Reducing your food waste with compostingOct 29, 2019 10:29AM ● By Paige Slaughter
Four years ago, the Environmental Protection Agency estimated that “more food reached landfills and combustion facilities than any other single material in our everyday trash.” In fact, 22 percent of everything thrown away is food. At the same time, 42 million Americans live in food-insecure households and don’t have reliable access to enough food.
Put another way, a 2018 study found that American consumers wasted nearly a pound of food per person per day. That’s enough to feed 2 billion people every year.
All that food took 30 million acres of cropland to grow—which means 7 percent of cropland in the U.S. was devoted to growing food that was put into a truck, transported, handled, bought, sold...and buried.
These statistics are so bad, the U.S. Department of Agriculture made a goal in 2015 to reduce food waste by 50 percent over the next 15 years.
Why am I starting my garden column with depressing facts? Because the more connected we are to our food system—the whole system—the better neighbors, global citizens, community members and gardeners we can be.
The best part is that there are steps we as gardeners can take to reduce our food waste.
The mind of a gardener
As gardeners, we have a unique relationship with food. Growing food for ourselves, for family and friends connects us to food and highlights the interconnectedness of food to so many other aspects of life and society.
Gardening, as opposed to farming, keeps this relationship between food and ourselves unadulterated by the pressure of having our livelihoods depend upon it. We can closely watch the miracles of life that are infused in growing food. And yet, if we drown our tomatoes, or the chickens dig up all the garlic, we’ll be okay.
This unique relationship gives us the power to take into our own hands the kinds of issues that face us globally and to act upon those values in our lifestyle choices.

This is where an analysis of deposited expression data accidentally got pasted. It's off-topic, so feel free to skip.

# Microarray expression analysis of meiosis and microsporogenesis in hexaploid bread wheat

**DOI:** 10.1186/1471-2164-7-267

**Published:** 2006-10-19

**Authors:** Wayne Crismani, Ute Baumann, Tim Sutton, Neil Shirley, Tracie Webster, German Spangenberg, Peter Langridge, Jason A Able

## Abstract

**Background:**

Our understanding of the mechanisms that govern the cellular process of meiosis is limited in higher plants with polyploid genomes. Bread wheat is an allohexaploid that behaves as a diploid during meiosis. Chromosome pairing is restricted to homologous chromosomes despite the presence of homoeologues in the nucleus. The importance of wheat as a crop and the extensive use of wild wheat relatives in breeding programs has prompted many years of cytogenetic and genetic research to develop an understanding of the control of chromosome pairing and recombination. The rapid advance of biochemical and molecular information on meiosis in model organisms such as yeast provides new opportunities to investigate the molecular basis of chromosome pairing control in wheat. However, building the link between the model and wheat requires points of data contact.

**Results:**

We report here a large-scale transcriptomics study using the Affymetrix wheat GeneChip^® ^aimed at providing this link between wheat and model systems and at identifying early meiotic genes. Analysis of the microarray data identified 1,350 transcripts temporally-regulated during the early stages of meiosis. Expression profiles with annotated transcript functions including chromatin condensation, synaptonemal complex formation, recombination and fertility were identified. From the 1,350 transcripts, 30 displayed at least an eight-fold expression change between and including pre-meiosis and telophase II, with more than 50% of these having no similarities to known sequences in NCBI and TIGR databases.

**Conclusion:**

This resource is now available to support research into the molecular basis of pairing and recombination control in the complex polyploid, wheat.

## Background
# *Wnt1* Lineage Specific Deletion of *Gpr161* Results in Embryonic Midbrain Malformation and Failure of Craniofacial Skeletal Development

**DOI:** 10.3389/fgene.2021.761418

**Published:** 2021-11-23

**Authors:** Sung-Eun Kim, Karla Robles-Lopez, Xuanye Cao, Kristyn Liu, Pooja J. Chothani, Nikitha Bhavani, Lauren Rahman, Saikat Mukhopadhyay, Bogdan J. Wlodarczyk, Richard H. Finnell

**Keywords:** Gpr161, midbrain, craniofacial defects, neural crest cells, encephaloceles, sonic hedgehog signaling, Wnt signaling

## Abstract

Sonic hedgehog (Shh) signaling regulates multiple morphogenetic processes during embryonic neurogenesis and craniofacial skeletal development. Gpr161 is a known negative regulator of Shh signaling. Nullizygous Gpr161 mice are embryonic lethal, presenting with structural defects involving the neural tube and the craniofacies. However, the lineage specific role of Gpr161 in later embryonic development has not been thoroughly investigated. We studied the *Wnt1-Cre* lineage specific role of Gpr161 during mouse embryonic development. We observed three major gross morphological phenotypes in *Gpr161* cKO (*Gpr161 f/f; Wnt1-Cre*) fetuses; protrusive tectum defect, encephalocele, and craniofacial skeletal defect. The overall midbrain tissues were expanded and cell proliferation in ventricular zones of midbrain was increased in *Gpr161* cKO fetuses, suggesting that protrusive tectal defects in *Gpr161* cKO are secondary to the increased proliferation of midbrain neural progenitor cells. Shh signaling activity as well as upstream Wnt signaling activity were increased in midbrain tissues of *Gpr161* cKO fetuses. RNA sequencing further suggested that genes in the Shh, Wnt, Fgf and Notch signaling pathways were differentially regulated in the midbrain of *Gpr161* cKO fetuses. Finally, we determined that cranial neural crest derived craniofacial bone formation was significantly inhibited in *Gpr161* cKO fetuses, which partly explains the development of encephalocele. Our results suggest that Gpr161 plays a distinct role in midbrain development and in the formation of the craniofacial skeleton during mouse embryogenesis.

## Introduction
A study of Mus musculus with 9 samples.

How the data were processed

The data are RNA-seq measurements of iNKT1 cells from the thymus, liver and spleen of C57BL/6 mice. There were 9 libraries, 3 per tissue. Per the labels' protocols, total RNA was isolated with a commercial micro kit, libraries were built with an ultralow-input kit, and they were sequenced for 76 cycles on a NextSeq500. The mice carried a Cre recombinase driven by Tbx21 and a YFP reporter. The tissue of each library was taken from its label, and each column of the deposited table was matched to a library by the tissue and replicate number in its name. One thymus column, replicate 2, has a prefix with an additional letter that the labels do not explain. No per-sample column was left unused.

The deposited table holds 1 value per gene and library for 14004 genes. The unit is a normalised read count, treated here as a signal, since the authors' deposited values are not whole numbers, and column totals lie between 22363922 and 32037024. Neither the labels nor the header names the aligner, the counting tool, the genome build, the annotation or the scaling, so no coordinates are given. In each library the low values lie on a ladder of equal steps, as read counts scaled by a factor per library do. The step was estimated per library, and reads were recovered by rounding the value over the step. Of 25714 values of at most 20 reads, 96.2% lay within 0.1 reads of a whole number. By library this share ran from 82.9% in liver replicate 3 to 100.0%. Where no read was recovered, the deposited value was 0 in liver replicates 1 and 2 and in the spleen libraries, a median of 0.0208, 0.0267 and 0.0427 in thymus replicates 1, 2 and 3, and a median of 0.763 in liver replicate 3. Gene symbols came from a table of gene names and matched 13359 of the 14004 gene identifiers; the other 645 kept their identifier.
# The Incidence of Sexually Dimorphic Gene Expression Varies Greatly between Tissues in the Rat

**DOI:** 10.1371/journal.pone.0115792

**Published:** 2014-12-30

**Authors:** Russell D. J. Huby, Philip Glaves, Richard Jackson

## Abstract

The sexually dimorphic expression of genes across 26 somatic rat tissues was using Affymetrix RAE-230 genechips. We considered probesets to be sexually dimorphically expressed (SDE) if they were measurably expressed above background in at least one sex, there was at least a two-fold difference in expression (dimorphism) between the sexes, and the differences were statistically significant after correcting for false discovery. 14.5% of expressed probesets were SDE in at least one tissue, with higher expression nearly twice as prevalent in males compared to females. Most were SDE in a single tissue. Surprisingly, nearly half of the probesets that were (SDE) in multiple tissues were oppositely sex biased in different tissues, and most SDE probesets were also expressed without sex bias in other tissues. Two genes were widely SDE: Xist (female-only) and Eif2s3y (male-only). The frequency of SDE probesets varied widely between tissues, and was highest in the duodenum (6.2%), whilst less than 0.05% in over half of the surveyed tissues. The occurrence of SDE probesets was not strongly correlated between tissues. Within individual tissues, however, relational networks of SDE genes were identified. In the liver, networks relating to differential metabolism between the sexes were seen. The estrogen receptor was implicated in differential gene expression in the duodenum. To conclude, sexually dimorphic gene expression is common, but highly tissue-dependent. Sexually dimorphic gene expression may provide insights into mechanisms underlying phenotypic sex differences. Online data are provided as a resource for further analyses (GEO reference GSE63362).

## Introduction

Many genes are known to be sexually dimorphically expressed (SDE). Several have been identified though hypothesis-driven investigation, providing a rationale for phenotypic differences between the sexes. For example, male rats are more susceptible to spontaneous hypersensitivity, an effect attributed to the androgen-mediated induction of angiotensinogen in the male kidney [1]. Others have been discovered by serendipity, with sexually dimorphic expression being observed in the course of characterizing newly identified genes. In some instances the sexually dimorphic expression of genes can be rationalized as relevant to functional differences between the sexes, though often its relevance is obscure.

In warmer months, a great alternative to the trash bin is to compost food scraps outdoors. Maintaining an outdoor compost means the mess and smells won’t bother us and we can mix in grass clippings and weeds. In cooler seasons, though, composting becomes more difficult, and throwing out food scraps becomes tempting.
But consider this: Waste does not exist in nature.
In nature, materials transform, and don't go to waste. Plants and animals die and decay which facilitates new life.
Even when we don’t buy more food than we can eat, we will still have squash skins and apple cores to dispose of. If maintaining a huge compost pile through the winter is not an option for you, there are other choices.
Chickens, worms and city officials
Separating out fruit and vegetable scraps for a neighbor with chickens is a great way to minimize what goes into the trash. Another option is building a worm bin, also known as a vermicomposting system. Allowing worms to transform your kitchen scraps into vermicompost (a mixture of worm castings, organic material and bedding in varying stages of decomposition, plus earthworms and other living organisms) can greatly reduce your contribution to landfills. While traditional composting systems can be difficult to manage on a small scale, worm composting is low-maintenance and tidy enough to take place in your kitchen.
Learn more about vermicomposting in the wonderfully concise and straightforward book, "Worms Eat My Garbage" by Mary Appelhof.
Finally, we can turn to collective action. Contact a city official to ask about possibilities for composting and to encourage citywide food scraps diversion.
If we reach out to one another and consider the ways we might narrow the gap between our values and actions, we can ignite considerable change.